The system is in trouble. Maybe a network link has gotten saturated, or a bad DNS configuration got pushed out. Maybe the mix of incoming requests suddenly changed and now there are a lot more heavy requests than light ones, and autoscaling isn’t helping. Perhaps a data feed got corrupted and there’s no easy way to bring the affected nodes back into a good state.
Whatever the specific details are, the system has encountered a situation that it wasn’t designed to handle. This is when the alerts go off and the human operators get involved. The operators work to reconfigure the system to get through the trouble. Perhaps they manually scale up a cluster that doesn’t scale automatically, or they recycle nodes, or make some configuration change or redirect traffic to relieve pressure from some aspect of the system.
If we think about the system in terms of the computer-y parts, the hardware and the software, then it’s clear that the system couldn’t handle this new failure mode. If it could, the humans wouldn’t have to get involve.
We can broaden our view of the system to also include the humans, sometimes known as the socio-technical system. In some cases, the socio-technical system is actually designed to handle cases that the software system alone can’t: these are the scenarios that we document in our runbooks. But, all too often, we encounter a completely novel failure mode. For the poor on-call, there’s no entry in the runbook that describes the steps to solve this problem.
In cases where the failure is completely novel, the human operators have to improvise: they have to figure out on the fly what to do, and then make the relevant operational changes to the system.
If the operators are effective, then even though the socio-technical system wasn’t designed to function properly in this face of this new kind of trouble, the people within the system make changes that result in the overall system functioning properly again.
It is this capability of a system, its ability to change itself when faced with a novel situation in order to deal effectively with that novelty, that David Woods calls graceful extensibility.
Here’s how Woods defines graceful extensibility in his paper: The Theory of Graceful Extensibility: Basic rules that govern adaptive systems:
Graceful extensibility is the opposite of brittleness, where brittleness is a sudden collapse or failure when events push the system up to and beyond its boundaries for handling changing disturbances and variations. As the opposite of brittleness, graceful extensibility is the ability of a system to extend its capacity to adapt when surprise events challenge its boundaries.
This idea is a real conceptual leap for those of us in the software world, because we’re used to thinking about the system only as the software and the hardware. The idea of a system like that adapting to a novel failure mode is alien to us, because we can’t write software that does that. If we could, we wouldn’t need to staff on-call rotations.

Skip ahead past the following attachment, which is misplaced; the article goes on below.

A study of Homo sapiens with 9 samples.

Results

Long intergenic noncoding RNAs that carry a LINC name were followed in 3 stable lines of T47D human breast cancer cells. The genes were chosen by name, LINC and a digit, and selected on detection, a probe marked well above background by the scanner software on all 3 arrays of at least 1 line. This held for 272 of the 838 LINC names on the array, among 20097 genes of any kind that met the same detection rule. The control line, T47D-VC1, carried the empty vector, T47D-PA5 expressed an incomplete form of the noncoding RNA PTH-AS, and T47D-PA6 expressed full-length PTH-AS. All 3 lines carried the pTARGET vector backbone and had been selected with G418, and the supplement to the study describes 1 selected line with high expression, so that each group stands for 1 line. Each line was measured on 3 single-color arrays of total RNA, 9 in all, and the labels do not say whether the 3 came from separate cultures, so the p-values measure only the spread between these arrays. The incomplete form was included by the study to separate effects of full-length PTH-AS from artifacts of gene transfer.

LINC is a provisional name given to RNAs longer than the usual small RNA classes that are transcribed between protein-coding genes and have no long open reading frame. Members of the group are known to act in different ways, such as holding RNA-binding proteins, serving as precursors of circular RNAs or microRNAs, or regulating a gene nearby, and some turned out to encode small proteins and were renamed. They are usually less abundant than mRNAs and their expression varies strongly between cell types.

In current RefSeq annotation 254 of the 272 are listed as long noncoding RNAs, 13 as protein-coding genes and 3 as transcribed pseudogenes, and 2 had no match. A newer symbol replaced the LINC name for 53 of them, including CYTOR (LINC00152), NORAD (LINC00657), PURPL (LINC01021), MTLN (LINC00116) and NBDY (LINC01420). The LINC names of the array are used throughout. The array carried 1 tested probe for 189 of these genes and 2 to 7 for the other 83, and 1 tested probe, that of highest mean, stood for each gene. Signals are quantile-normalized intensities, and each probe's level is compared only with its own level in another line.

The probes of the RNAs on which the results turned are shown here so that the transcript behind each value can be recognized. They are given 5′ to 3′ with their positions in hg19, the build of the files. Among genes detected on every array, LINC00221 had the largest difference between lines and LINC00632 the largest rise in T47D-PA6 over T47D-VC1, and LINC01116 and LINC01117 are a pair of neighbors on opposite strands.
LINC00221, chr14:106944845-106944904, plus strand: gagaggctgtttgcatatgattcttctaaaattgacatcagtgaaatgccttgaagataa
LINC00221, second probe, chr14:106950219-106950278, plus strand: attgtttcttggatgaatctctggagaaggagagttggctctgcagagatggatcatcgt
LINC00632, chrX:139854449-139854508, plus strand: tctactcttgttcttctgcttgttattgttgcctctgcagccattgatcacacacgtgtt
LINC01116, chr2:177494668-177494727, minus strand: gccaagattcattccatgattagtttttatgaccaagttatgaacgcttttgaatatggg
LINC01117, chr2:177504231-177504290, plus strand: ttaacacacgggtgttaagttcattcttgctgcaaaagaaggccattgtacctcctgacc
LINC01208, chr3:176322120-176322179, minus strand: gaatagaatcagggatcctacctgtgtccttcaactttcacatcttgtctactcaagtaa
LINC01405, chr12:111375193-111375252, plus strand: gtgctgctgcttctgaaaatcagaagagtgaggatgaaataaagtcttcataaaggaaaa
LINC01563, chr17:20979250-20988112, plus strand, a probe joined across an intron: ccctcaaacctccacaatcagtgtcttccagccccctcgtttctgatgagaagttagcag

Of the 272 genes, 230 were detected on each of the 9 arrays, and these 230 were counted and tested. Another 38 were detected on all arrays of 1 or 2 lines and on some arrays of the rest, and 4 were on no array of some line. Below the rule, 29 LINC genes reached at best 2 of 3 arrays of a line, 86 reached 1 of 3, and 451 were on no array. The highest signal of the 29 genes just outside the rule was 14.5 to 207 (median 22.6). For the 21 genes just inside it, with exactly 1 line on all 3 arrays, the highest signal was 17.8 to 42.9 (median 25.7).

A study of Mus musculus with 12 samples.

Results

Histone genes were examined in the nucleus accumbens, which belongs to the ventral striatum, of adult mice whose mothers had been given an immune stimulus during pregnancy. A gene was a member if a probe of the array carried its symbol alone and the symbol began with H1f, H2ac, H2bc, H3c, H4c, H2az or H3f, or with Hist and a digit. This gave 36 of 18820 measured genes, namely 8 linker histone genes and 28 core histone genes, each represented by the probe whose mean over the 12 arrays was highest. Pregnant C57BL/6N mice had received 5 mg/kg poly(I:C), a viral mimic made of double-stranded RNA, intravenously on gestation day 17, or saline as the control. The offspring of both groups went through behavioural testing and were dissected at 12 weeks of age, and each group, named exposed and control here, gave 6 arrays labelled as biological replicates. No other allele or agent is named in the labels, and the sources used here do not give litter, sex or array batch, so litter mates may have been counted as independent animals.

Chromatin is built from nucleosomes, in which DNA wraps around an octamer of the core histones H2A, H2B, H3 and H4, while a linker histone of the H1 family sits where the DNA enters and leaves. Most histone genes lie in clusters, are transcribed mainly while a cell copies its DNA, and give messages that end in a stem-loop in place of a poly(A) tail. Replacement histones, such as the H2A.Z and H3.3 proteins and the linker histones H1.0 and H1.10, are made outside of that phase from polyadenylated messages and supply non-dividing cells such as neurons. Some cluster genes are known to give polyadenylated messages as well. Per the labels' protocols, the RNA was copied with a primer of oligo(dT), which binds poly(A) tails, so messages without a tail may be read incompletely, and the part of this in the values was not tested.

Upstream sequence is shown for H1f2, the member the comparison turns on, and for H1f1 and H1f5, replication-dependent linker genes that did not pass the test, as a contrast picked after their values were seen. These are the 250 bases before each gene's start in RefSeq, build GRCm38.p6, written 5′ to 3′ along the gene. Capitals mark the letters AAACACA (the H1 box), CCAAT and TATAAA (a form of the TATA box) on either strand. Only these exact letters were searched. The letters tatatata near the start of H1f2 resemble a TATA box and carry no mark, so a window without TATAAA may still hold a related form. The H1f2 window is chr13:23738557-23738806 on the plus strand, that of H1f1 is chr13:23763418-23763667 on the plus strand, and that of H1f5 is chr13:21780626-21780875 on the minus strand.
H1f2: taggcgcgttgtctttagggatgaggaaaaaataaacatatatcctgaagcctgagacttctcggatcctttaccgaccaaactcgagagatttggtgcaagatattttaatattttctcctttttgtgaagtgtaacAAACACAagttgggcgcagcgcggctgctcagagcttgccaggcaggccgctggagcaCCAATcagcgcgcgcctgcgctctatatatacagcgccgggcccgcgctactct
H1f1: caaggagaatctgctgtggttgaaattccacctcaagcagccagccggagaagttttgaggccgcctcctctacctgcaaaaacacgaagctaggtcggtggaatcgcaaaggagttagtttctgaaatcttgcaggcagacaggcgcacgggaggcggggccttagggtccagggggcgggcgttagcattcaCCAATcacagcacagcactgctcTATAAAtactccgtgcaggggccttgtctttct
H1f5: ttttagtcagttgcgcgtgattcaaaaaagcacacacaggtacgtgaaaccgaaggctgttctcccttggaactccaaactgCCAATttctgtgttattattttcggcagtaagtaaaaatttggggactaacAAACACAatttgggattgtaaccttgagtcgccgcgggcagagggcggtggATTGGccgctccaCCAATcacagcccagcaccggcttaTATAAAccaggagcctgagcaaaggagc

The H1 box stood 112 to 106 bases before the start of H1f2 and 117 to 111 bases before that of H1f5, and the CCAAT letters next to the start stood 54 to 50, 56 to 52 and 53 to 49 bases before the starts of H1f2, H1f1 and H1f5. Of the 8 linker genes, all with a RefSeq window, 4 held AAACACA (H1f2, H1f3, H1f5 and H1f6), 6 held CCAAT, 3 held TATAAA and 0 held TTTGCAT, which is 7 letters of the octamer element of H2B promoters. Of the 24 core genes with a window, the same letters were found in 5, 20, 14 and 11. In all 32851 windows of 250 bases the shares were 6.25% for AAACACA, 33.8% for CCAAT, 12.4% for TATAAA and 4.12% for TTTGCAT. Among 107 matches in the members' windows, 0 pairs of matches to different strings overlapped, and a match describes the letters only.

We humans can adapt: we can change the system, both the technical bits (e.g., changing configuration) and the human bits (e.g., changing communication patterns during an incident, either who we talk to or the communication channel involved).
However, because we don’t think of ourselves as being part of the system, when we encounter a novel failure mode, and then the human operators step in and figure out how to recover, our response is typically, “the system could not handle this failure mode (and so humans had to step in)”.
In one sense, that assessment is true: the system wasn’t designed to handle this failure mode. But in another sense, when we expand our view of the system to include the people, an alternate response is, “the system encountered a novel failure mode and we figured out how to make operational changes to make the system healthy again.”
We hit the boundary of what our system could handle, and we adapted, and we gracefully extended that boundary to include this novel situation. Our system may not be able to deal with some new kind of trouble. But, if the system has graceful extensibility, then it can change itself when the new trouble happens so it can deal with the trouble.
5 thoughts on “Dealing with new kinds of trouble”
Graceful extensibility is *exactly* what Nassim Taleb calls Antifragility: https://en.wikipedia.org/wiki/Antifragility. I don’t believe David Woods is unaware of it, but it’s strange that he didn’t mention it in the paper.
Given that Antifragile was published in 2012, and David Woods has been doing work in this area for decades, what I wonder is: why does Taleb never mention Woods (or any of the research into resilience engineering) at all?
I don’t want to defend either of them. Taleb has also been publishing work in this area for two decades (but this is true that he barely mentions anyone in his work). Woods’ paper introducing “graceful extensibility” specifically came out in 2018, well after Antifragile, I think it would be more productive to stick to an already existing term than breeding terminology. I don’t think it would take anything from the Woods work.